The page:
Following a lovely send off by Joella’s family the previous two evenings, we were now getting up at the crack of dawn to make our escape. Mike, Joella’s dad took us to Brentwood where James then drove us all the way to Heathrow – thanks guys, best chauffeurs ever!
As we tearilly kissed the UK soil goodbye, our minds soon turned to the marathon journey ahead of us:
- 3 separate flights
- 2 stop overs
- 6 time zones
- 21 hours of travel
From London to Abu Dhabi our flight was uneventful, although Joella would probably argue I was a tad overexcited about being in an A380 for the first time. We watched as many films as we could possibly manage, in amongst the usual juggling of tiny dishes while trying to eat aeroplane food, without getting it on ourselves or elbowing our fellow passengers in the process.
Our second flight begun with a stand-off between me and a monk, probably not how you want to start a flight.
I intended to sit in the window seat, with Joella in the middle, and the aisle seat taken by one of many monks on our flight. Apparently the monk didn’t want to sit next to Joella, and instead was keen for me to be his neighbour. At first I laughed it off and tried to sit down, but then a lady in front of us also got involved and offered me some stern words in a language I’m not currently fluent in. At this point we decided to keep the peace, and sit in accordance with the Monk’s wishes, this must surely be good karma or something. We later learned that monks are not allowed to ever be in close proximity to women. (Picture of monk below for illustrative purposes only)
Rather than getting any food in Abu Dhabi, we’d decided to save our money and wait to eat on the plane. It was only once we were boarded that a horrible thought struck me – it was 11.30 pm local time and 2.30 at our destination, there may not be any food for some time – nooooo! The next half an hour could easily have seen me arrested by an Air Marshall based on how I was acting: I kept looking up and down the aisles, tracking all the air hostesses movements in an attempt to see if they were preparing food. At one point I was caught intently staring, as a number of passengers were being handed what I thought were the special dietary meals, they were actually the children’s colouring in books. Joella laughed, I felt even more distressed. Fortunately we were fed shortly after, and I managed to avoid any further suspicious behaviour.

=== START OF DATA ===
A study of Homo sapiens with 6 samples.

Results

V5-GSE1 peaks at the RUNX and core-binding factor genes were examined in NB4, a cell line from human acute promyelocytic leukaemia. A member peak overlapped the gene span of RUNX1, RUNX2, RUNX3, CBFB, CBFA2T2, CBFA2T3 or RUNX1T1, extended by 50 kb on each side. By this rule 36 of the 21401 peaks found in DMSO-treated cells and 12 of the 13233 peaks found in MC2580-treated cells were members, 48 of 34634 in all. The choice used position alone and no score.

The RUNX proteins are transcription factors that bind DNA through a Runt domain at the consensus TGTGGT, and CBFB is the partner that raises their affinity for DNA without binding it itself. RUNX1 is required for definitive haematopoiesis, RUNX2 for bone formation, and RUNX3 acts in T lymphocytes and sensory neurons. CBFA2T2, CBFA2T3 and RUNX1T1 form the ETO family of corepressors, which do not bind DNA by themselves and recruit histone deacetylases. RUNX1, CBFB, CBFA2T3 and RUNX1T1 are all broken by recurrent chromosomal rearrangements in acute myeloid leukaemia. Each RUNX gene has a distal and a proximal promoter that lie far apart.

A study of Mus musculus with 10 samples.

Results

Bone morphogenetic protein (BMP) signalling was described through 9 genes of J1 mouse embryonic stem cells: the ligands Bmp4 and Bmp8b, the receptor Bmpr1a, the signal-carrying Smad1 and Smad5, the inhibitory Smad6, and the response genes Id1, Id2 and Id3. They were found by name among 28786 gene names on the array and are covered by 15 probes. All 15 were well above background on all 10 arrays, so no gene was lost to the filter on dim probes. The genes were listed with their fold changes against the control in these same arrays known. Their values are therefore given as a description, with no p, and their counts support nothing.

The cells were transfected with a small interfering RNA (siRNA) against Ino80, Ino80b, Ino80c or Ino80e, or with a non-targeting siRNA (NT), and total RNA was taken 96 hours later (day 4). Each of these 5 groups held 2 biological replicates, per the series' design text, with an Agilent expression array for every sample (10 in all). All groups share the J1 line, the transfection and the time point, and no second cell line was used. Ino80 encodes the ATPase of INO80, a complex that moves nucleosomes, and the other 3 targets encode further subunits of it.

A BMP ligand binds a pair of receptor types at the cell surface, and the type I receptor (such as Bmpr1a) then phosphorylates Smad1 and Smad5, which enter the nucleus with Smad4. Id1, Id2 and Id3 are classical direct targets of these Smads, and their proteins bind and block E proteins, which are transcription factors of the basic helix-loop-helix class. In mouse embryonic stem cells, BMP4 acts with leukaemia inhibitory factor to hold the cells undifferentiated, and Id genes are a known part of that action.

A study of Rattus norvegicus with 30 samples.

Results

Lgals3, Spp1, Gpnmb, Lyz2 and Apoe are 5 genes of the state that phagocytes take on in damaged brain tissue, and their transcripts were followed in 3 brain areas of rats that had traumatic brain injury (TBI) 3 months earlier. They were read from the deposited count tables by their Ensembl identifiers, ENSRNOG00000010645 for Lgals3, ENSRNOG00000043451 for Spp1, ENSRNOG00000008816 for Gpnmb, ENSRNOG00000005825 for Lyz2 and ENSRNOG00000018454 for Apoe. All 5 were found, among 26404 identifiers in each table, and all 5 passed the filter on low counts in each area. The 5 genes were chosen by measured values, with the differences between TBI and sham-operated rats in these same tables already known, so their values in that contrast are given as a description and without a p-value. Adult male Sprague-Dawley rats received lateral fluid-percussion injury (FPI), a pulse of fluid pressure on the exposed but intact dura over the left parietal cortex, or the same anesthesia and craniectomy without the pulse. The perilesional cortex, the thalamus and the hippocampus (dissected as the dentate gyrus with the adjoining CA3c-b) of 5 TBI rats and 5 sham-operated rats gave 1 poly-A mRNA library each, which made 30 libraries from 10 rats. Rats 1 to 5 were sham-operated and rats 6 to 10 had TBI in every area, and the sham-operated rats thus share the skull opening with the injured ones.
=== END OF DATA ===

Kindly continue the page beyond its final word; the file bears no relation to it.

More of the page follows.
Our last stop over, in Bangkok, was relatively straight forward, and we managed to successfully source our boarding passes for our next flight. Although our intentions to really embrace the local cultures on our adventures came to an abrupt end before we’d even got to our destination, as we stopped in past Starbucks for some coffees.
After a short 90 minute flight from Bangkok, we’d finally arrived at our destination: Cambodia’s world famous capital – Phnom Penh. Being completely honest, we’d never heard of this place before planning our adventure, but are now glad to say we’re now slightly more worldly and slightly less ignorant!
The last leg of our journey required us to acquire a tuk tuk (technically they’re called remorques in Cambodia and consist of a moped attached to a separate carriage), to take us to our hotel. After reading Lonely Planet in amongst other research, we were expecting this task to involve long queues in the blistering heat, fighting away potential pickpockets while trying to negotiate a fair price for the ride with unruly drivers trying to rip us off. Thankfully the reality was a lot easier; a friendly chap asked if we wanted a tuktuk while we were in the soothing air-con of the airport, told us it was a flat fee of $9 as confirmed by all the signage, and even carried our bags for us.
We found our first ever tuk tuk ride to be as thrilling and dangerous, as at least I had hoped for. There are next to no obvious road rules, and drivers happily drive up and down whichever side of the road they like, paying no attention to traffic lights or road signs. The air was awash with petrol fumes, while our ears were buzzing to the sounds of the constant horns blaring all around us. But despite all this, we soon felt relatively safe, thanks to the slow speeds and general courteous nature of all the drivers – possibly more so than the UK! After 30 minutes of twisting our necks in every direction to take in as much of our surrounding as we possibly could, we arrived safely at our hotel.